Here's a more detailed description of the kinds of schools you might hear about as you plan for your post-high-school education:
College - A four-year college grants bachelor's degrees (Bachelor of Arts; Bachelor of Science). Some colleges also award master's degrees.
University - A university grants bachelor's and master's degrees, and sometimes includes a professional school such as a law school or medical school. Universities tend to be larger than colleges, focus more on scholarly or scientific research, and might have larger class sizes.
Community college - A public two-year college granting associate's degrees and sometimes certificates in particular technical (career-related) subjects. Many students start their postsecondary education at a community college and then transfer to a four-year school, either because a community college tends to be more affordable than a four-year college, or because of the open admissions policy at community colleges.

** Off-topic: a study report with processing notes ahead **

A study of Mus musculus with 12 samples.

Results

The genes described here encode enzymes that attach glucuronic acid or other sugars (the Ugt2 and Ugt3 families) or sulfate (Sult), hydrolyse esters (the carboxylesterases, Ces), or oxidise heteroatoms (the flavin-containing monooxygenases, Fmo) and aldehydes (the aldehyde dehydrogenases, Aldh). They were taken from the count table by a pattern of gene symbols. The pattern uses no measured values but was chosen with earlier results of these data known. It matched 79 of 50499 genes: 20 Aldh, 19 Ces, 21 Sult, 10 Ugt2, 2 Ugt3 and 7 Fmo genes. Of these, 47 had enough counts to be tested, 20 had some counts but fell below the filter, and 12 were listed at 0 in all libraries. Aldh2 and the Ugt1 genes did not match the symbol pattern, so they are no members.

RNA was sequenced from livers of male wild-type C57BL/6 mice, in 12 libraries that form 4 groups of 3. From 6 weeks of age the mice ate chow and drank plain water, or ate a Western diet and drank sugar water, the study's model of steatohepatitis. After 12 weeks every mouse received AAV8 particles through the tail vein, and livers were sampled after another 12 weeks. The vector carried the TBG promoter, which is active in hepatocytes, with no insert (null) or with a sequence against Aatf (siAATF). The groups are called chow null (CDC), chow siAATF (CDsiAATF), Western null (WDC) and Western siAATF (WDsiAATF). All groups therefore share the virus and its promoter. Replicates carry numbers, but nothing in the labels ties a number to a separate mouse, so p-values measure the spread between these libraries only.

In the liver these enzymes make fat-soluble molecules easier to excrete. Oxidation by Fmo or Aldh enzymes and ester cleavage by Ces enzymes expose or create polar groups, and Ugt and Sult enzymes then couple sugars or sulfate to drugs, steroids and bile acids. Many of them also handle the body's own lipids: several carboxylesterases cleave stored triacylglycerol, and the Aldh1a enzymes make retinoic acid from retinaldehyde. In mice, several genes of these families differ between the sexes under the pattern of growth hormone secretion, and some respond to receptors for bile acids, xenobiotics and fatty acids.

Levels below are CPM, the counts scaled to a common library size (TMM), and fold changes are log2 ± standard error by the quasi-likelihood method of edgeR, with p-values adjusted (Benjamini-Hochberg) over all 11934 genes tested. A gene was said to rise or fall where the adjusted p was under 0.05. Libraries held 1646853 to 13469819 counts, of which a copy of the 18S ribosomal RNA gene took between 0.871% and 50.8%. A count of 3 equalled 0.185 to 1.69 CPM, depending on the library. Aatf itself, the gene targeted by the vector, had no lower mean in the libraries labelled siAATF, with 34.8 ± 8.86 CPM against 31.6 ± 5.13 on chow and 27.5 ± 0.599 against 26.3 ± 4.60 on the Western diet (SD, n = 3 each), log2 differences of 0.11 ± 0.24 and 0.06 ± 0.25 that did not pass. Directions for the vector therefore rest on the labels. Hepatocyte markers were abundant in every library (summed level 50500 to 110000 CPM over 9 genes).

Junior college - Similar to a community college, except that a junior college is usually a private school.
Career school, technical school, or vocational/trade school- These terms are often used interchangeably. May be public or private, two-year or less-than-two-year. Career schools offer courses that are designed to prepare students for specific careers, from welding to cosmetology to medical imaging, etc. The difference between technical schools and trade schools is that technical schools teach the science behind the occupation, while trade schools focus on hands-on application of skills needed to do the job.